DRAMA GENRE – RADIO:
Radio dramas were one of the earliest forms of program offered to the listening audience, and remained popular throughout the ‘golden age’ of radio. A drama, meaning almost any story that is not comedic, leant itself perfectly to radio.
Relying on original material scripted for radio, or on existing material such as books and stage plays, dramatic presentations on radio depended on the actor’s dialogue and delivery to set the mood and convey the intensity of emotions of the characters in the story. Music and other sound effects were added to intensify the atmosphere.
Dramatic radio programs consisted of single event episodes where an entire story was told or on series where the story was related over a series of episodes, either daily or weekly.
Dramas usually were about an individual or group of individuals who were embroiled in some type of conflict, and how the person or persons worked to resolve the problem. The actors were required to convey the thoughts, emotions and actions of the characters through their voices and out to the audience in the best traditions of storytelling.
Lux Radio Theatre, which aired on radio from 1934 to 1955, was a dramatic program whose episodes were adapted from movie scripts. Over its long history a great number of stars appeared to re-enact their roles from their movies, including Marlene Dietrich, Clark Gable, Leslie Howard, John Wayne, Judy Garland and Lucille Ball.
Broadcast from 1935 to 1953, Cavalcade of America was a dramatic anthology series sponsored by Dupont Chemicals. The episodes documented historical events by using stories of individual courage, initiative and achievement, with an emphasis on human progress.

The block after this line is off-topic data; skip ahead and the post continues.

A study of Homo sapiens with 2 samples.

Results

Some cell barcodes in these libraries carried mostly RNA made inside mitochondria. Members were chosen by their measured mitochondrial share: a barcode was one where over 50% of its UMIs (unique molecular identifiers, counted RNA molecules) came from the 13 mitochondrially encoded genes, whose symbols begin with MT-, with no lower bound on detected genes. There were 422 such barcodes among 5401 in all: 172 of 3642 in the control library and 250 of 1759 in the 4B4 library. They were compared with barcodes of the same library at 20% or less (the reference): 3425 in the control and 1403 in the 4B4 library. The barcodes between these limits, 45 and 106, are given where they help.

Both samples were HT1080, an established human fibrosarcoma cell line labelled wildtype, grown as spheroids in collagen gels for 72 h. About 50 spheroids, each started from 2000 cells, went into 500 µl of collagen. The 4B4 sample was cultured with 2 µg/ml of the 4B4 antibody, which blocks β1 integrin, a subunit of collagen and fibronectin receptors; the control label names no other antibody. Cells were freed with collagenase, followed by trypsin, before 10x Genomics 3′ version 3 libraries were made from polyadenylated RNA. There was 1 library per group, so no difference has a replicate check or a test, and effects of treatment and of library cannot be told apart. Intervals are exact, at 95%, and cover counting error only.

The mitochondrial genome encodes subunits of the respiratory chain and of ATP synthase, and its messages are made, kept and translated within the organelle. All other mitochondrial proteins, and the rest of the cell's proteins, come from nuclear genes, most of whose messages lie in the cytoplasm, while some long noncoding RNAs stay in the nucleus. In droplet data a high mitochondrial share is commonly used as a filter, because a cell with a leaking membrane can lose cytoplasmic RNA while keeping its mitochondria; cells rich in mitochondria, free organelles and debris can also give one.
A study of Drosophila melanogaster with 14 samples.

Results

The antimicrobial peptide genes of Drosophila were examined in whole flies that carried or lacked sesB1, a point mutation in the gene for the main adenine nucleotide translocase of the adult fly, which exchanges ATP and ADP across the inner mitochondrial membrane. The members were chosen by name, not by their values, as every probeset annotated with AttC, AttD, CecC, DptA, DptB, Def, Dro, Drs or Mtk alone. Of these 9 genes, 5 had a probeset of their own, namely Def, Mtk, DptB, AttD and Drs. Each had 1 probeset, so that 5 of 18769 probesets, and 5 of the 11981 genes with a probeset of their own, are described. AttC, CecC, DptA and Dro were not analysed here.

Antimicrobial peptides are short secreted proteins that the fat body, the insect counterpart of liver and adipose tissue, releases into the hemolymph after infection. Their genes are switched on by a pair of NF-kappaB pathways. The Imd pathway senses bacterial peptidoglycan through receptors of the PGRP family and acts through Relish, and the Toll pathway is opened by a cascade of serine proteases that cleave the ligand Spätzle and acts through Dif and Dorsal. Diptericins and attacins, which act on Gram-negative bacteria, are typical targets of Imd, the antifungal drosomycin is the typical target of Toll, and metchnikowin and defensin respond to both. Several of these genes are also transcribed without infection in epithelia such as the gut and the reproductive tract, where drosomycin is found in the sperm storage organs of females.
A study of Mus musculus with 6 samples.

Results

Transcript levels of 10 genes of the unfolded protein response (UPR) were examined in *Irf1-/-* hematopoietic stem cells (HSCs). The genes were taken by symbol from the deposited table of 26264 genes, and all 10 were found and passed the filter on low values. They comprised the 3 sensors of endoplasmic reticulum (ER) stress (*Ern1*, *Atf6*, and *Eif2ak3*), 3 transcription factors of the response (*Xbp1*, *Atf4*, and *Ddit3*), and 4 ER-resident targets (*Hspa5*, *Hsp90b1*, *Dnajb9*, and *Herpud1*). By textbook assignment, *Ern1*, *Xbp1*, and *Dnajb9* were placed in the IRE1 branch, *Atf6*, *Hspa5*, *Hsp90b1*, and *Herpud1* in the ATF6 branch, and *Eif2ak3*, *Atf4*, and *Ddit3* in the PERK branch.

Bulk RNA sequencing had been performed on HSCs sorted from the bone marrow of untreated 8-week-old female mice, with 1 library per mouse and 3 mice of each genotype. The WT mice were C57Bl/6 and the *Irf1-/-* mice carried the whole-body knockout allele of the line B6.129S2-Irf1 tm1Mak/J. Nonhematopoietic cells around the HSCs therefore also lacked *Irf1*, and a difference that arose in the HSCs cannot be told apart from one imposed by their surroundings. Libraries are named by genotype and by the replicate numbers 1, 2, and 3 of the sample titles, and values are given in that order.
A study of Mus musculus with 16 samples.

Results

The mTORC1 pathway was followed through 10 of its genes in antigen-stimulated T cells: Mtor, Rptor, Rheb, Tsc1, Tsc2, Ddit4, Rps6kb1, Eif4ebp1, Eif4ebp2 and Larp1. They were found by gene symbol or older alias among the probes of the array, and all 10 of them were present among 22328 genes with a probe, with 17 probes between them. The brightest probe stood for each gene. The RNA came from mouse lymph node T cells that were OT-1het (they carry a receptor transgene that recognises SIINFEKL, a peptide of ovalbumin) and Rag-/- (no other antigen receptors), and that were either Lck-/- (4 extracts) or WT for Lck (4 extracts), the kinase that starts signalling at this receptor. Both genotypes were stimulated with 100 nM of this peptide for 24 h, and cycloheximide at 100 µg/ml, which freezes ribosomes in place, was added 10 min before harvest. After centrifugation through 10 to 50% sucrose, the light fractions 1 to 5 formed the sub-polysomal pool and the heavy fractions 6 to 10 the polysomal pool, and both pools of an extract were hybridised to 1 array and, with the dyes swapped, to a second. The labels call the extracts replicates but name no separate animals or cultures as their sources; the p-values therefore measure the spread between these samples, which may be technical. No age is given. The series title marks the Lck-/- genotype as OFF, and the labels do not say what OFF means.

Based on the events of World War II, Words At War aired from 1943 to 1945. The episodes, sometimes introduced as real accounts, revealed the thoughts, opinions and worries of Americans during the war years.
Airing from 1948 to 1962, Yours Truly, Johnny Dollar was a radio drama about the adventures of an insurance adjustor. Working as an independent agent of the United Adjustment Bureau who investigated fraudulent insurance claims, Johnny would travel around the United States. The episodes consisted of Johnny submitting an itemized expense account for each case, with each expense being the lead-in to the next scene in the story. According to the announcer, Johnny Dollar was “The man with the action-packed expense account”. Over its history, no fewer than eight actors appeared as Johnny Dollar, including Dick Powell, Edmond O'Brien, Gerald Mohr, Parley Baer and John Dehner.
Adapted from the novels of C. S. Forester, Horatio Hornblower was a dramatic adventure program broadcast on the radio from 1952 to 1955. The episodes followed the adventures of Captain Horatio Hornblower of the British Royal Navy, during the Napoleonic era of mighty sailing ships, as he and his crew battled other ships on the high seas.
Gripping dramatic episodes were also offered on radio programs like Adventures By Morse, Arch Oboler's Plays, The Campbell Playhouse, The Scarlet Pimpernel and The Hallmark Playhouse.